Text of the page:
It was the sort of comment to raise eyebrows, and maybe would have brought ridicule, had David Moyes not already said something much more notable in those regards. We’ll get to that, even if the Sunderland manager will himself never quite get the issue.
Because, after his side had been once again beaten in a dismally drab performance - this time 2-0 away to an admittedly resurgent Leicester City - Moyes came out with a comment that was repeatedly heard in his torrid 10 months at Manchester United. Repeatedly heard, of course, and repeatedly refuted as well as often derided.
“I thought we played well,” Moyes had said. He must surely have been one of the few in the stadium to think along those lines. Sunderland had barely created anything, other than yet another replica of apparently every performance we’ve seen for the past three months, as they failed to score for the ninth match out of the last 10.
By that point, though, no-one wanted to discuss the obvious flaws with the revival of that mantra.
There were the deeper flaws in something else he had come out with, that he hadn’t said before, but that warranted further questioning. Moyes had been asked about the coverage and criticism he faced in the last two days, after footage was leaked of him telling a reporter she “might get a slap” if the tone of her questions was repeated again.
“I’ve been surprised in many ways,” Moyes began. “I think the world of football is a great business now. I think it employs an incredible amount of people, whether it be through the media or in the training grounds. And for that reason, football’s a big talking point.”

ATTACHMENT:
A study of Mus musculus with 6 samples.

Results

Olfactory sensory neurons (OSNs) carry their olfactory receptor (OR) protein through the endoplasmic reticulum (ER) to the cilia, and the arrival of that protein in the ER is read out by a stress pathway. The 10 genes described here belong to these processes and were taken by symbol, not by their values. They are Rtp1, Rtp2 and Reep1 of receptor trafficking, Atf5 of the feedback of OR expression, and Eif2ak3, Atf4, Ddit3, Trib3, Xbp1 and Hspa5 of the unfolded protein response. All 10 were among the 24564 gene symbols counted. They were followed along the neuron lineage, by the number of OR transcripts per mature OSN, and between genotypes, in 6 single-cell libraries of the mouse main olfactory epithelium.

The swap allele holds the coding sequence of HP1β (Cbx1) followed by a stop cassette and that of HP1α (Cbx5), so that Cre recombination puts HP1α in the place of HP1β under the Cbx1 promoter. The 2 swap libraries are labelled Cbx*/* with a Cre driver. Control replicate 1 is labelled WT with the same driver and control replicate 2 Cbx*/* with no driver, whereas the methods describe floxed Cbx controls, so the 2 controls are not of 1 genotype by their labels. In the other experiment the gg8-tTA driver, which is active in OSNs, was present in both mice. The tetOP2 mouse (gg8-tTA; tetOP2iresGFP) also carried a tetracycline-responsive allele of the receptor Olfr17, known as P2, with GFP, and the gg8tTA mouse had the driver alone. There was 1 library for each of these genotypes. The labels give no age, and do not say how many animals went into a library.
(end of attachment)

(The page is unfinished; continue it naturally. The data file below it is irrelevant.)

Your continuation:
There are number of issues with these words, and Moyes does deserve criticism for them.
Because, even if you think that the Sunderland manager had been too severely criticised, even if you think his words were said in jest and were accepted as that by the relevant parties (although some dispute that), it is simply remarkable to say that this was only an issue because football is so high-profile.
The reality is probably the exact opposite. If those words were said to anyone in any other industry, the situation probably would have been much more serious, and the inquest doubtlessly would have been tougher than what Sunderland’s statement indicated they subjected their manager to.
It genuinely casts doubt on whether he understands what the problem is, given his apparent bemusement at the response.
Then again, you could also wonder whether he understands what the problem with his team is, given that he thinks the massive eight-point gap between safety and Sunderland at the very foot of the table is down to “small things”. Moyes went on about his team’s chronic struggles to score as if they were just a quirk of luck, something that will even itself out with a bit of a tweak.
“Getting Victor Anichebe back will help a little bit. I’m not saying he was going to score us 10 or 20 goals, but he will help us make more opportunities. We had some great deliveries from corner kicks. So you couldn’t say it was anything to do with the deliveries. We just needed someone to put a head on them.”
You could completely say something about the deliveries, though, because the deliveries are almost the problem. They’re literally all Sunderland seem to have going forward beyond the hope of Jermaine Defoe doing something out of nothing. They create nothing. It is a continuation of what he was most castigated for at Manchester United, particularly from that notorious 2-2 draw with Fulham in February 2014. All they do is cross. There is nothing else to it, no constructive build-up, no apparent modern thought about how the game is played.
He badly needs to turn that around to turn this season around, but there are no suggestions that’s about to happen.
They instead feel like a club finally sleepwalking to relegation, something all the more conspicuous because it has usually been a managerial change around this exact time of year that has jolted them into a survival surge.
Moyes could well have been sacked for his words if he was in any other business than - as he puts it “the world of football”. Then there’s the actual football he plays.
That's something else difficult to get right now.